What's the skinny on gasoline prices for U.S. motorists/consumers? By and large, the news is good -- a likely continued decline in pump prices, following a summer of sky-high prices.

The average U.S. price of unleaded regular gasoline dipped another penny Monday to $3.60 per gallon, according to data compiled by gasbuddy.com.

What's more, retail gasoline prices are down about 10 cents in the past month, and down about 35 cents since peaking in May, at which time the average price for regular unleaded push $4 per gallon. (Many high-cost U.S. cities experienced gas prices well above $4.)

Are We There Yet?

It took the end of summer for a drop in retail gasoline prices, but I'm sure motorists won't complain that we're finally seeing some drops in prices, said Patrick DeHaan, a senior petroleum analyst at GasBuddy.com told denverpost.com.

However, if U.S. consumers aren't celebrating the recent downward trek in gas prices, that's understandable: gas prices are still a gargantuan 87 cents or 32 percent higher than a year ago, in September 2010, when regular unleaded averaged $2.73 per gallon, nationally.

What's triggered this year's surge in gasoline prices? Energy analysts say most of the rise stemmed from the roughly $20 surge in crude oil prices this spring to about $110 per barrel due to the civil war in Libya, which removed more roughly 1 million barrels per day from the daily global oil supply.

However, with rebels having chased Libya's Muammar Gaddafi from power and the nation now being led by a National Transitional Council, oil prices have retreated about $25 to $85 per barrel since spring -- lowering the core commodity cost of gasoline, resulting in a downtrend in prices. Oil traded Monday at mid-day down $2.31 to $85.61 per barrel.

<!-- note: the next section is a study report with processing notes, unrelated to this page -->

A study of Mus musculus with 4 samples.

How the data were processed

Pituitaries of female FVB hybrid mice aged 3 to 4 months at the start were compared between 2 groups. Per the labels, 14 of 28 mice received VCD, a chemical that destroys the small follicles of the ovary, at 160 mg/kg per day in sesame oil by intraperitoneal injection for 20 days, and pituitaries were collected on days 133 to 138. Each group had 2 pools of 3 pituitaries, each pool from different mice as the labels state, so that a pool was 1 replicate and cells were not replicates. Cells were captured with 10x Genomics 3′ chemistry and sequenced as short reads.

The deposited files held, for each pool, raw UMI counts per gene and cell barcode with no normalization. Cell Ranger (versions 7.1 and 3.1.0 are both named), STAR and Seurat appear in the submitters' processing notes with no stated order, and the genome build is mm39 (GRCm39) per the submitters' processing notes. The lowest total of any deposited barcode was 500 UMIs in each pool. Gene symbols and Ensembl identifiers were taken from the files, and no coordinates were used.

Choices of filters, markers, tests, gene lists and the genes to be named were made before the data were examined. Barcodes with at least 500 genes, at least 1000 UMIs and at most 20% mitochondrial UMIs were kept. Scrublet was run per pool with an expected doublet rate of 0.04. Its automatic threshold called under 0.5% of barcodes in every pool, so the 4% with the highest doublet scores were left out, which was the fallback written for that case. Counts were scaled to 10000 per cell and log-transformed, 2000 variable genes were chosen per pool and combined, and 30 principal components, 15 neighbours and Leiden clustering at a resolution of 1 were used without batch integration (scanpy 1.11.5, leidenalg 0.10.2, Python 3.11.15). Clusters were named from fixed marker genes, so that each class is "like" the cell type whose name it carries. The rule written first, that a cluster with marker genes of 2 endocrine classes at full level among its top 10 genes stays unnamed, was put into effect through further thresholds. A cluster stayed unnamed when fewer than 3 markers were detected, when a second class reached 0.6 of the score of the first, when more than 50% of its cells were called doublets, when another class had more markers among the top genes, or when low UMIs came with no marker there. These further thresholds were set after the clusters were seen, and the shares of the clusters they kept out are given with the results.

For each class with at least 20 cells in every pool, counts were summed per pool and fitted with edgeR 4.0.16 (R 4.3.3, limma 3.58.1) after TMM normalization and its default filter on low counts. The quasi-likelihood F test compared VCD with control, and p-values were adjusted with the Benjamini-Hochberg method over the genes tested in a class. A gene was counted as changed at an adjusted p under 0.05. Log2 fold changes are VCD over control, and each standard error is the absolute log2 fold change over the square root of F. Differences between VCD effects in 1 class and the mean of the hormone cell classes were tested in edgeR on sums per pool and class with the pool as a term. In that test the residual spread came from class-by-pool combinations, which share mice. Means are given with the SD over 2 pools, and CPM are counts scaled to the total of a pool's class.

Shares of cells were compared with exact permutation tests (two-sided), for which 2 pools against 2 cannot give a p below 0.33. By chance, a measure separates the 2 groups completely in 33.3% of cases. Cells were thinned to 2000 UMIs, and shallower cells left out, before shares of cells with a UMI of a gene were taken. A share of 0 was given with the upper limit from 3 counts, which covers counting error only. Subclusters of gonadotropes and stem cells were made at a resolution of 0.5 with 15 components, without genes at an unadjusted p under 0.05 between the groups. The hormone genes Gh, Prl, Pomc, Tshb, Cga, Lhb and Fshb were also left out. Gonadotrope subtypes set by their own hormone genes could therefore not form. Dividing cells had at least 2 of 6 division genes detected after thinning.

Autumn Ritual: Falling Temperatures, Falling Gas Prices

In addition, a seasonal factor should take even more pressure off gasoline prices: Labor Day marked the end of the U.S.'s summer driving season, and demand is expected to follow a traditional pattern -- down thru the end of December. That lower demand should decrease gas prices even more.

Further, energy analysts are quick to point out that there's no shortage of oil in the world -- inventories in the U.S., for example, remain relatively high.

Energy/Economic Analysis: Therefore, assuming there is not a supply disruption at another major oil producer, such as Nigeria, Venezuela or Mexico, and assuming the U.S.'s refinery system is not shut down for an extended period by a hurricane/tropical storm in the Gulf of Mexico, gas prices should continue to trek lower this autumn.

However, motorists will have to remain patient. It's true -- gas stations raise prices quickly and lower prices slowly. And the reason is profit maximization: after the price of gasoline declines at the wholesale level, gas stations attempt to hang on to the higher profit realized from the larger spread between the wholesale and retail price for as long as they can -- usually until a competitor's gasoline prices forces them to lower the price.